A Moment to Recognize Landscape Volunteers
August 07, 2018
Volunteers dig in at the Darwin Martin House
Novelist Margaret Atwood said, “In the spring, at the end of the day you should smell like dirt.” For those of the soil, there’s nothing more satisfying than watching something you’ve planted grow and thrive.
For those on the garden and landscape volunteer team at Frank Lloyd Wright’s Darwin Martin House in Buffalo, there’s the added satisfaction of maintaining the passion of the home’s original owners, Darwin D. and Isabelle R. Martin.
“The Martins were avid gardeners,” says Nell Gardner, horticulturist for the Wright-designed estate, located at 125 Jewett Parkway. “The floricycle, which was the centerpiece of the landscape, had more than 20,000 perennials, bulbs and shrubs and was spectacular.”
Today, members of the volunteer team spend several hours every week weeding, mulching, deadheading, pruning and otherwise tending to the gardens on the 1.5-acre site. “Team members give as much time as their schedules allow, and don’t need extensive gardening experience to participate,” says Gardner, who oversees the day-to-day team projects. “Even if you do know gardening, you will learn new protocols for maintaining gardens at a public tourist attraction and historic estate, as gardens were more organic and natural looking back then and less tidy than today’s gardens.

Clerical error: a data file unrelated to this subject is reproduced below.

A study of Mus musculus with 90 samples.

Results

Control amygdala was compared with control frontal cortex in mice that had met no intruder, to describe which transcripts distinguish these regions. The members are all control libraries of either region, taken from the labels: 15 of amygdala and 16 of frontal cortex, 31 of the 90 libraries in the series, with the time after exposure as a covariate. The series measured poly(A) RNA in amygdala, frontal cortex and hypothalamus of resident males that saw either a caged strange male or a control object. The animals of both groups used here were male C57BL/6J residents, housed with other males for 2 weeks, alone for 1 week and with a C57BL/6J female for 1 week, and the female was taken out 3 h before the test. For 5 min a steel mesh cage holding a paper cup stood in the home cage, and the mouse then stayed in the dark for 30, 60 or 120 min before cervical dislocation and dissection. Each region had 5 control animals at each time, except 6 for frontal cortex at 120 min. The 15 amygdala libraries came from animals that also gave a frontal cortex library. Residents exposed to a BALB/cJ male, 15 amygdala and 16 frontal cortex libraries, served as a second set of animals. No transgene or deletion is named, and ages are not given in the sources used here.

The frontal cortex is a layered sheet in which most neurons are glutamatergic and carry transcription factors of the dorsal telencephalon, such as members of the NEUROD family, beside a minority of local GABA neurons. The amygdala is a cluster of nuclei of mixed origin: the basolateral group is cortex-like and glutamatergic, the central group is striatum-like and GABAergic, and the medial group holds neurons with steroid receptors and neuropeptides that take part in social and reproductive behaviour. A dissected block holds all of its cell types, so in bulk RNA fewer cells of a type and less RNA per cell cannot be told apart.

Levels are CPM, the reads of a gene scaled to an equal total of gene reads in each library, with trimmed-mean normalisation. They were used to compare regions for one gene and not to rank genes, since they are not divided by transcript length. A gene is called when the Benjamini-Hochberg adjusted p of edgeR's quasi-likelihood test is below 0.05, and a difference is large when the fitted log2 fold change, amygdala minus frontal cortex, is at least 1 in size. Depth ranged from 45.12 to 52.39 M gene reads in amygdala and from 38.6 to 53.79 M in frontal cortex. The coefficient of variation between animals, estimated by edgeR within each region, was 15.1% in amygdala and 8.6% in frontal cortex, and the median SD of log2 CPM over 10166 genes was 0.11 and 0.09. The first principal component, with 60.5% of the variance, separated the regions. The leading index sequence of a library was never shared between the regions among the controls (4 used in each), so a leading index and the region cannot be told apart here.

“Our volunteers learn methods they can employ in their own gardens, so it’s educational and fun,” adds Gardner, who assigns tasks according to skill level and interests.
Gardner says volunteers enjoy other perks, such as learning about the Martin House complex and its history and meeting people from all over the world.
To learn more about volunteering, go to Martinhouse.org/volunteer.cfm.
Part of the $50 million restoration of the Darwin D. Martin House estate includes recreating the intricate landscape originally designed by Wright and landscape architect Walter Burley Griffin, who placed immense value on bringing architecture, interior and landscape together as a unified composition.
Working with photos, drawings and letters from Wright’s archives at Columbia University and the UB Archives, the Martin House and Bayer Landscape Architects formulated a plan to restore the landscape to its original design, with only modest changes to accommodate current conditions and use.
Groundbreaking on the $2 million project, which will be completed within the year, began in spring. The landscape includes a floricycle that will carpet the ground in color with a spectacular multi-season cycle of blooms.
“The landscape is essential to telling the story of Wright’s integrated design genius as evidenced in the Martin’s estate, and it’s something we’ve been working on for many years,” said Mary Roberts, Martin House executive director.